The Silver Linings Playbook by Matthew Quick
My rating: 4 of 5 stars
I picked this book up on the recommendation of a friend, and because I wanted to see the movie. I'm glad I read the book first; the movie spoils several major plot points as if they're throwaway, and changes a lot of the focus of the narrative.
The book starts with Pat Peoples leaving the mental hospital that's been his home for what he thinks is months. He only calls it "the bad place," and later hints within the narrative indicate it's for treating people with major head injuries, rather than just mental illness. Pat, himself, has a four-year blank in his memory, and can't remember what he did to get himself locked away.
Pat's father is quite distant, except where it relates to the Philadelphia Eagles, his favorite football team. Pat bonds with his father and older brother, Jake, over the games, while going to therapy. He meets a troubled young woman named Tiffany, who lost her husband and has been struggling with her own issues since. Tiffany offers to speak to Pat's wife, Nikki, on his behalf, but only if he'll help her win a dance competition.
The book is framed as Pat's journal, with some letters from Tiffany and Nikki. Pat's style is stilted, repetitive, and makes him sound like he lost some IQ points with his head injury. It's clear Matthew Quick can write in a more flowing style, because Tiffany and Nikki's letters are much more readable.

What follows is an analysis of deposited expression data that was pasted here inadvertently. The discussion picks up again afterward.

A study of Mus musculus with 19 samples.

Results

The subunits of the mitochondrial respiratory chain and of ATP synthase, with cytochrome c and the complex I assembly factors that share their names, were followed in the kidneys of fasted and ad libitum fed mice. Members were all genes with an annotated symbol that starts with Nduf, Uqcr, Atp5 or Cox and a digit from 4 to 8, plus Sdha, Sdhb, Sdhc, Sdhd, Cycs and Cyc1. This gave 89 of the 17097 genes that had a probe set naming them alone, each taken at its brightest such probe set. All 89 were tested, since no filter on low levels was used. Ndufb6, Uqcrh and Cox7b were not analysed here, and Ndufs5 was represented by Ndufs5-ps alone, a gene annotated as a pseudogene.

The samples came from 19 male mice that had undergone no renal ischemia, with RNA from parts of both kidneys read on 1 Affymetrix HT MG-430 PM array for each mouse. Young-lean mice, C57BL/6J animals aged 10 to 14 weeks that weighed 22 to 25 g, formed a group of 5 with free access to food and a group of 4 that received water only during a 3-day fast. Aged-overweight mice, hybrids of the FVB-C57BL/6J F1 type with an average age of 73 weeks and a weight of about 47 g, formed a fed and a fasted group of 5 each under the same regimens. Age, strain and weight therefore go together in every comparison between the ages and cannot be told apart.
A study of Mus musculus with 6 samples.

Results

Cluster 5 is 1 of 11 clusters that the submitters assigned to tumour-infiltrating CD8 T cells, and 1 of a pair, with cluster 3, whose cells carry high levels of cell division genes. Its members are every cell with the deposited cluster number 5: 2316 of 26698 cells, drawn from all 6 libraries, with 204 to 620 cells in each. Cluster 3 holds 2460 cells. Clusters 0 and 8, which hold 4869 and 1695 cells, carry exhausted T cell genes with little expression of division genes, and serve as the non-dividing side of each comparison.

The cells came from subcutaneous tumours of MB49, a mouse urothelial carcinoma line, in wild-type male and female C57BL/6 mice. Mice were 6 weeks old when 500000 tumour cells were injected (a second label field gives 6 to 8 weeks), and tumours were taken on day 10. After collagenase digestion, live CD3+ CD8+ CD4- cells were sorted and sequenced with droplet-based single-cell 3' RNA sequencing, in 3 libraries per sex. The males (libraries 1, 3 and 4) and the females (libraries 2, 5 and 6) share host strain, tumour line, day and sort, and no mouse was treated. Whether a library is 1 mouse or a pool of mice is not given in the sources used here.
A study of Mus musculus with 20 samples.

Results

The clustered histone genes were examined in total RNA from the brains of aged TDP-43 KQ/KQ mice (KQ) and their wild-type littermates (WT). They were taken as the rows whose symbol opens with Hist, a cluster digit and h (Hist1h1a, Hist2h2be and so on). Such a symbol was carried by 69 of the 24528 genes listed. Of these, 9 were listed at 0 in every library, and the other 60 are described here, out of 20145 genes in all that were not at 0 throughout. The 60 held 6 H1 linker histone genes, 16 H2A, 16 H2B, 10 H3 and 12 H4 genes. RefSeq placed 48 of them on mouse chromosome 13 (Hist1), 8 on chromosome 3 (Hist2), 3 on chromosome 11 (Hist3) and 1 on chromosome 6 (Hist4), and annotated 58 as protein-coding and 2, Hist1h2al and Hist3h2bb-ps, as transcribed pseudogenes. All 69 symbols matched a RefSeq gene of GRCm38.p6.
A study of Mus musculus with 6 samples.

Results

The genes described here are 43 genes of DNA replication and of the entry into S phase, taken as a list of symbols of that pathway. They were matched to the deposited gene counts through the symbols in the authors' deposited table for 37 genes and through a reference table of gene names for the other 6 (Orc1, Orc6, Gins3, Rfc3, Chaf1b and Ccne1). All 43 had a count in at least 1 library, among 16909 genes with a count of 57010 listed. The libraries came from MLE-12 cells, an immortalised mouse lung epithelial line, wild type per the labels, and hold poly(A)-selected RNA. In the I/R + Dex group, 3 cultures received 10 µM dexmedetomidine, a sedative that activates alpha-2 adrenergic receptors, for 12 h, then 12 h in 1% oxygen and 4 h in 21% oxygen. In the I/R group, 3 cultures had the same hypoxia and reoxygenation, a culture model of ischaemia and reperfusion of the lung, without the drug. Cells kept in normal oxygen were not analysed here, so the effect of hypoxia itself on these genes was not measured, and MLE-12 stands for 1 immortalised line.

While I enjoyed the characterizations, especially of the laconic Tiffany and Pat's mother, I found them a bit rigidly stereotyped. There isn't a single woman in the narrative who likes football or cares about it, beyond the fact that the men they care about like it. There's only one male character indifferent to it, and Pat reminds us repeatedly that Danny is his black friend. Danny was a rapper, and wound up in the same place as Pat thanks to a turf battle that almost killed him.
The strongest parts in the book, I felt, were during Pat's therapy sessions with Dr. Cliff Patel, who asks Pat to call him Cliff. (He winds up as "Dr. Cliff" throughout most of the narrative.) He's insightful, and provides most of the reflection and information Pat needs.
The movie and the book end fairly similarly, though they get there in entirely different ways. Book-Pat is not nearly as smart as the version played by Bradley Cooper in the movie, and he needs quite a bit of prodding to come to the same conclusions.
I listened to this book on audio, narrated by Ray Porter. The narration made Pat sound a bit slow, though I think that was supported by the text. It was clear and easy to understand, and I didn't have to adjust the volume when characters whispered or shouted.